California’s governor has issued pardons to two formerly incarcerated firefighters who had been threatened with deportation to Laos after spending most of their lives in the US.
Gavin Newsom on Friday announced the pardons for Bounchan Keola, 39, and Kao Saelee, 41, who were both sent to US immigration authorities last year after spending decades in prison for teenage convictions and had battled wildfires as incarcerated firefighters.
Both men told their stories to the Guardian from Immigration and Customs Enforcement (Ice) jails last fall, prompting national outrage about their potential deportation to Laos, a country their families had fled as refugees decades ago.
“I could never have imagined this would happen,” Saelee told the Guardian by phone after learning the news. Saelee, who was two years old when his family left Laos, spent 22 years in prison for a robbery when he was a teen, and after completing his sentence was transferred to Ice for deportation. He was released from an Ice jail last week and came home to his family in the Fresno, California, area, reuniting for the first time in decades.
Keola spent more than two decades in prison after he was prosecuted as an adult at age 16 and accepted a plea deal in a second-degree attempted murder case. At the end of his sentence last year, he served on the frontlines of massive wildfires as part of an inmate firefighting program. He was hit by a fallen tree and suffered a near-fatal injury.
Instead of returning to his family in the Bay Area after serving his sentence, the prison transferred Keola directly to Ice while he was still recovering from his serious injuries.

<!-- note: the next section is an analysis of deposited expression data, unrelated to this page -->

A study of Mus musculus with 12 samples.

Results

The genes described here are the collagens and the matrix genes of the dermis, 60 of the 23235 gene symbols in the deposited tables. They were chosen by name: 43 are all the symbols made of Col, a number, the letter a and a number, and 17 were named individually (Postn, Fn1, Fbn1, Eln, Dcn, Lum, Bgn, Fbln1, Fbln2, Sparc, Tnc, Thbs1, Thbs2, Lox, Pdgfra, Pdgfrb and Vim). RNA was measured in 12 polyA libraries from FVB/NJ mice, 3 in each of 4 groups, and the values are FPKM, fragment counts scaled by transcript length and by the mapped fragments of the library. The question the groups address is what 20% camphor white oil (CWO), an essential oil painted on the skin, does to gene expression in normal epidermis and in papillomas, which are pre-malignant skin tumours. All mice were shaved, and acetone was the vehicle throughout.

Newsom called Keola on Friday to deliver the news. “I thought somebody was trying to prank me, but [the governor] said, ‘Thank you for your service as a firefighter and keep up the good work,’” Keola told the Guardian after the call.
“This is all I wanted – a second chance to live this American life,” he added. “We came to this country to have a better life.”
Keola is of Khmu descent, an ethnic minority, and had escaped the country after the Vietnam war. Saelee is of Mien descent, a minority that also faced persecution after the war.
Newsom’s pardons mean both men will no longer face deportation threats, can return to being legal permanent residents, can get work authorization and eventually apply for citizenship, said Anoop Prasad, a staff attorney with the Asian Law Caucus, who has represented both men.
“It’s a huge relief, and I’m incredibly happy for Kao and Boun and their families who for the last year have been constantly worried that they would be permanently separated,” Prasad said. “I’m glad Governor Newsom was able to see that they are more than their convictions from when they were teenagers, and I hope he sees the same is true for so many people inside prison,” he added.
With the clemency grant, Keola said he was hopeful he could now serve as a licensed firefighter.
Advocates have also been pressing Newsom to end his practice of voluntarily transferring people from state prisons to immigration, calling it a form of double punishment. It’s a policy that continues to lead to deportations of refugees under Biden.
After Saelee and Keola spoke out, state lawmakers across California called for Newsom to pardon them and pushed for legislation that would end the transfers and protect people from deportation.